Taxation of international executives
Are there social security/social insurance taxes1 in the Philippines? If so, what are the rates for employers and employees?
The Social Security System (SSS) is compulsory to all employees aged 60 or less and their employers. Self-employed persons may choose to be covered on a voluntary basis.
Contributions to the SSS are made both by employees, by deduction from their salaries, and by employers, who are responsible for remitting the contributions. Membership with the SSS gives automatic membership with the Employees’ Compensation Program.
The maximum monthly contributions for each employee under each program are as follows:
|Type of insurance||Paid by employer||Paid by employee||Total|
Services performed in the employ of a foreign government or international organization or their wholly owned agencies/subsidiaries/branches are exempted from the social security levies.
Home Development Mutual Fund (HDMF) contribution
2 percent of the monthly income. The maximum monthly compensation used in computing the employee contributions is set as PHP5,000. As such, the maximum member contribution and employer counterpart per month are each PHP100.
Moreover, Home Development Mutual Fund (HDMF) issued Circular No. 421, dated 16 January 2019, instructing all affected employers to stop deducting contributions from all expatriates under their employ. The refund of contributions and accrued dividends from expatriates shall be processed upon filing of corresponding applications for claim. However, the HDMF has not yet released the guidelines on how to process the refund claims and which period is subject to the refund.
The maximum member contribution and employer counterpart per month is PHP900 each.
Are there any gift, wealth, estate, and/or inheritance taxes2 in the Philippines?
Estate taxes are imposed on transmission of property by resident and non-resident decedents based on the value of the net estate transferred. Estates with a net value of PHP5 million and below will be exempted from paying the estate tax. Family homes that are valued at PHP10 million or less will also be exempted from estate tax. Taxable net estate is subject to a flat rate of six percent.
For decedents who are citizens or residents, gross estate includes real property and tangible personal property located in the Philippines or abroad and intangible property wherever situated. For non-resident alien decedents, gross estate includes real property and tangible personal property located in the Philippines and intangible property located in the Philippines, subject in the latter case, to exemption under the principle of reciprocity.
The donor’s tax is intended to tax transfers of property by gift and includes transfer of real or personal property as well as tangible or intangible property. A flat rate of six percent is imposed on total gifts in excess of PHP250,000 regardless of relationship to the donor.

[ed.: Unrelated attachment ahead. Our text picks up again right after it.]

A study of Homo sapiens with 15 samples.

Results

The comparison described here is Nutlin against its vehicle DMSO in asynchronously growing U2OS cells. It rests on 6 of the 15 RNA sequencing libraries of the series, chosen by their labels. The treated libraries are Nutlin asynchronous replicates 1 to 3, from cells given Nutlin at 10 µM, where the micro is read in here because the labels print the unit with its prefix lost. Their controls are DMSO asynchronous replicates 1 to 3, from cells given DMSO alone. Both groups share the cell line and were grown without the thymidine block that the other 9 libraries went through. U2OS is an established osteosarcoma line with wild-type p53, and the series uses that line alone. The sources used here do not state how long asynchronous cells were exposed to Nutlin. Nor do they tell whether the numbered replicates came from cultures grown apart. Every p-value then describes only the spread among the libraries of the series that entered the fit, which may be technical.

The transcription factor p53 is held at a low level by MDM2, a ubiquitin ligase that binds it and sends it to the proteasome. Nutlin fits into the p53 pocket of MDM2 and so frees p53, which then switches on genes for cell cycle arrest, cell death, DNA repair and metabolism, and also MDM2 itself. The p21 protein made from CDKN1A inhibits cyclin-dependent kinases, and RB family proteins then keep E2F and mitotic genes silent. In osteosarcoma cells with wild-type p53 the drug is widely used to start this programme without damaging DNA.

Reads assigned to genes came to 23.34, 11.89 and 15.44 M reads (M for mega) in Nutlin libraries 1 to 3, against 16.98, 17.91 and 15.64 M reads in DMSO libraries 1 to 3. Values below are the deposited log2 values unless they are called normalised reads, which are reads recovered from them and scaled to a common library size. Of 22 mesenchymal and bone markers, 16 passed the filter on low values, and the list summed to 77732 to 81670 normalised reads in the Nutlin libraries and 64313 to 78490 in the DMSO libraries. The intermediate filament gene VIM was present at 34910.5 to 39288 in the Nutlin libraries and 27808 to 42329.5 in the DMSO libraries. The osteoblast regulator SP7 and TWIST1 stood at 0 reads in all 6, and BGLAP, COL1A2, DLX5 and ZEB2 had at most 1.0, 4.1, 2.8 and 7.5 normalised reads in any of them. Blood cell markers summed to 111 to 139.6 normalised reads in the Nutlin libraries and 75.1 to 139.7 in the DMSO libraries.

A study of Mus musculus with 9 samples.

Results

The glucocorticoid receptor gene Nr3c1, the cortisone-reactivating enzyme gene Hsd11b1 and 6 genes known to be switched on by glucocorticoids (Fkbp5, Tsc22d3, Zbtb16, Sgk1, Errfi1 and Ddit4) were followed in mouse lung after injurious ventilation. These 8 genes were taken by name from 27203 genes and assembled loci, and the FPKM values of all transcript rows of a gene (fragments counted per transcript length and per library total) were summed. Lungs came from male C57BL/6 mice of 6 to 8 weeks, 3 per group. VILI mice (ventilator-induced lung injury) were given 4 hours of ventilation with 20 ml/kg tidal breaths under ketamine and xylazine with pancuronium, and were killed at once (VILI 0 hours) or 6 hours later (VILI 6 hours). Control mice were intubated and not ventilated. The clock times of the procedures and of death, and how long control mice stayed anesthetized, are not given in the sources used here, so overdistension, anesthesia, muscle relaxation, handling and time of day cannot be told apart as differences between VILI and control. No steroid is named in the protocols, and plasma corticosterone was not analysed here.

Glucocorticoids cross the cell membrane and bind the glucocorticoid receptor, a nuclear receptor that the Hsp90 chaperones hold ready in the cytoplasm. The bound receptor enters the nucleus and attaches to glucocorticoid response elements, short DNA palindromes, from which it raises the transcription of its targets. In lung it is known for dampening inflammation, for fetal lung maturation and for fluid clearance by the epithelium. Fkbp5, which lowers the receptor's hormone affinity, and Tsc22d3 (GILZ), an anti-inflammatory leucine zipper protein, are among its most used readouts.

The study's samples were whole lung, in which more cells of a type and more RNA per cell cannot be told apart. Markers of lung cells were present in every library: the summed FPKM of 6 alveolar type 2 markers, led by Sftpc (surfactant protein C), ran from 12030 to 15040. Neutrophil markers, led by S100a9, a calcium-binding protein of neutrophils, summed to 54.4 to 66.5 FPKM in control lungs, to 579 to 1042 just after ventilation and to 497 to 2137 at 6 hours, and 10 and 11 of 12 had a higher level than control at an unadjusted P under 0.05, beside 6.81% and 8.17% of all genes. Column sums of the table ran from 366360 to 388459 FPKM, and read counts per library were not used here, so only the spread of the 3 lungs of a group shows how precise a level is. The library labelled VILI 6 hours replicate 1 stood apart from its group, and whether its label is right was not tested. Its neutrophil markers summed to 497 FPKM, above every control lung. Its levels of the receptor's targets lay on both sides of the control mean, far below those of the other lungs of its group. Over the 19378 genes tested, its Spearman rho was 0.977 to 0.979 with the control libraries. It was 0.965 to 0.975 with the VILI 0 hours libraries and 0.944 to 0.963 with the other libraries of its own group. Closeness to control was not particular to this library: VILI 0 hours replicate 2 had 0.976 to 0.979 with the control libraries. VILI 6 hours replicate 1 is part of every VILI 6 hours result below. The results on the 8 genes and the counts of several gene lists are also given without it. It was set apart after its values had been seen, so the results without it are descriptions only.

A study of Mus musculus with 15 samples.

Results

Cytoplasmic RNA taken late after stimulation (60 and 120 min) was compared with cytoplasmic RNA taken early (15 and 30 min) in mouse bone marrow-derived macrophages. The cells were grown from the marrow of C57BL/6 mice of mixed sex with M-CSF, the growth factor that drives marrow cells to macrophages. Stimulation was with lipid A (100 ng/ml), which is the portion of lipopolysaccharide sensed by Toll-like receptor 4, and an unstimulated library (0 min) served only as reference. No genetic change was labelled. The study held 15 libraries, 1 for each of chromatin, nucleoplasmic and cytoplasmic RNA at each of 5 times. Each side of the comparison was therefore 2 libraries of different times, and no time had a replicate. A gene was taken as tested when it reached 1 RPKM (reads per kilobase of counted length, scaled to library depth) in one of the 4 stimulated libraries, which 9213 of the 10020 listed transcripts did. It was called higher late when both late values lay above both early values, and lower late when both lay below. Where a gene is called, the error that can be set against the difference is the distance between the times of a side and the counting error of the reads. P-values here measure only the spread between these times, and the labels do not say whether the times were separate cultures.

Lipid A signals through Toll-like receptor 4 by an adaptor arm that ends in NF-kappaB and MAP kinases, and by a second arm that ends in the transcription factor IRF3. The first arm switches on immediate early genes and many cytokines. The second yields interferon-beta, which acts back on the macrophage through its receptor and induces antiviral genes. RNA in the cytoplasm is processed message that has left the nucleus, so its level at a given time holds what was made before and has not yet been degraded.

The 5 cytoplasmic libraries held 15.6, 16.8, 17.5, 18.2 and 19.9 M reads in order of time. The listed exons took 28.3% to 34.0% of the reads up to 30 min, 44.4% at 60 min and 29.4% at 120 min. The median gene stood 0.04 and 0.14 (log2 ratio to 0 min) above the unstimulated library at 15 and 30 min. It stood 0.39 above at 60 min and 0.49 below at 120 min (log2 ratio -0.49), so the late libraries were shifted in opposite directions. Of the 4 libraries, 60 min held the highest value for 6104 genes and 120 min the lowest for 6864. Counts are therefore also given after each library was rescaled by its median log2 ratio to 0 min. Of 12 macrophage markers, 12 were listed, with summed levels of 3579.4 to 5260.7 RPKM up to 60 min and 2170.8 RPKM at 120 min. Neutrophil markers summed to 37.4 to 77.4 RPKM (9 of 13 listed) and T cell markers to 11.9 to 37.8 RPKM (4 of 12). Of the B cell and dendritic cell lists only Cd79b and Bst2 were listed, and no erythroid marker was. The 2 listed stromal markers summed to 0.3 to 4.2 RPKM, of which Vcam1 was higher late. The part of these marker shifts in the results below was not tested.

Are there real estate taxes in the Philippines?
Yes. The primary responsibility for the proper, efficient, and effective administration of real property tax, subject to the rules and regulations governing the classification, appraisal and assessment of real property issued by the Department of Finance (DOF), is borne by the provinces and cities, including municipalities within Metro Manila.
Are there sales and/or value-added taxes in the Philippines?
The VAT is levied, assessed and collected on every sale, barter or exchange of goods or properties at the rate of 12 percent of the gross selling price or gross value in money of the goods or properties sold, bartered or exchanged such tax to be paid by the seller or transferor.
Are there unemployment taxes in the Philippines?
Are there additional taxes in the Philippines that may be relevant to the general assignee? For example, customs tax, excise tax, stamp tax, and so on.
There are no local taxes imposed on income of individuals in the Philippines. However, certain individuals are required to pay a basic community tax of PHP5 plus an annual additional tax not exceeding PHP5,000, computed at PHP1 for every PHP1,000 of income.
Is there a requirement to declare/report offshore assets (e.g. foreign financial accounts, securities) to the country/jurisdiction’s fiscal or banking authorities?
None, in general.
Package 2 of the CTRP or the Comprehensive Income Tax and Incentives Rationalization Act (CITIRA) deals with corporate taxation. Specifically, it aims to reduce the corporate income tax rate from 30 to 20 percent and rationalize fiscal incentives. Moreover, Package 4 or the proposed Passive Income and Financial Intermediary Taxation Act (PIFITA) of the CTRP aims to simplify the taxation of passive income, financial services, and transactions. It will also harmonize the tax rates on interest, dividends, and capital gains, and the business taxes imposed on financial intermediaries.
1Republic of the Philippines Social Security System.
All information contained in this publication is summarized by R.G. Manabat & Co., the Philippine member firm of KPMG International, based on the Republic of the Philippines Bureau of Internal Revenue, Social Security System, Philippine Health Insurance Corporation, and Home Development Mutual Fund.